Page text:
Holland delivers her lines with the force and precision of an artillery piece. It's the kind of brilliant performance that makes everyone better. Her timing is so astonishing that you can sense the cast staying alert just to keep up. And her grand double-takes and ramrod-straight posture eliminate any remaining doubt about Vada's imposing personality.
As Appleton, David Bridgewater is the engaging center of Vada's world. He plays the role with an accomplished mixture of provincial gentility and bemused self-awareness. The part has its complications because Appleton periodically addresses the audience with some wry narration that contains a lot of pointless exposition. And Bridgewater ably performs one of the more taxing duties an actor can assume: remaining onstage for long stretches of time without speaking.
In the final scene of the first act, a tree house is rolled into the middle of Phil Male's economical but efficient set. Vada joins her two friends Enid (Ales Row) and MaryBell (Jolene Carroll) to eat sweets and play their weekly game of canasta. Much of the comedy comes from the interplay between these three seniors.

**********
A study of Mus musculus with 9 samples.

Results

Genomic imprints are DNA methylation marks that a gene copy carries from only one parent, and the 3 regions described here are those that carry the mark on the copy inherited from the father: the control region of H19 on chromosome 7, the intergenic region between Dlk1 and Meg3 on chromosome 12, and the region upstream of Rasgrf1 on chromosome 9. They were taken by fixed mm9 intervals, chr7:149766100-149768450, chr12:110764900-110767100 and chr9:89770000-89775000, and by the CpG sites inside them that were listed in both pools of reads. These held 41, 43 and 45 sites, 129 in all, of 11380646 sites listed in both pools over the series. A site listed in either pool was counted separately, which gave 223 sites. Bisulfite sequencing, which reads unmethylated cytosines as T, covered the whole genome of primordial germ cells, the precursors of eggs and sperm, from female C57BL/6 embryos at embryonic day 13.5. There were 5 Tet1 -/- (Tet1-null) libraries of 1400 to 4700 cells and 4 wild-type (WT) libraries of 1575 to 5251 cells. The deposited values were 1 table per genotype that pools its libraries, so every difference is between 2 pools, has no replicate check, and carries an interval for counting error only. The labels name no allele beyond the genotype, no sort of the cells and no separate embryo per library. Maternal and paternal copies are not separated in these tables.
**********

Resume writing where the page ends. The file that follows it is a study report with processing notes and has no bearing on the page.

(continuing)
Truthfully, nothing very suspenseful happens. There are no dark gothic secrets and no one changes significantly. Long before the play begins, Appleton has figured out a strategy for appeasing his mother whenever he wants something. Sure, Mary Ann tangles with Vada ("I never interfere, I intervene"), but the fireworks are always presented sweetly with little danger of escalation. Faced with the horrors of the permissive 1960s, Vada bends but never quite breaks.
All of that said, this show, directed by Jack Welsh, is a real charmer. The jokes are razor-edge funny, and the playwright ladles out just enough poignancy to make us care about these characters without the result becoming sugary or maudlin. The dreams in which Vada speaks to her deceased husband (also played by Bridgewater) are especially touching. We see that Holland's breathtaking range extends far beyond the rat-a-tat-tat line deliveries.
The costumes deserve a special mention. Emily Mason clearly had fun designing clothes using the fabrics of the '50s and '60s. They perfectly demonstrate the presumed tastes of the characters without calling too much attention to themselves.
And what exactly is located at the center of the universe? After watching this play (and ignoring centuries of astronomical discovery), you might plausibly decide that it has a confectionary nature of some kind. So help yourself before it's all gone. S.
"The Exact Center of the Universe" is playing at the Barksdale Theatre through May 5. Thursday through Saturday 8 p.m. Wednesday and Sunday 2:30 p.m. $24. 282-2620.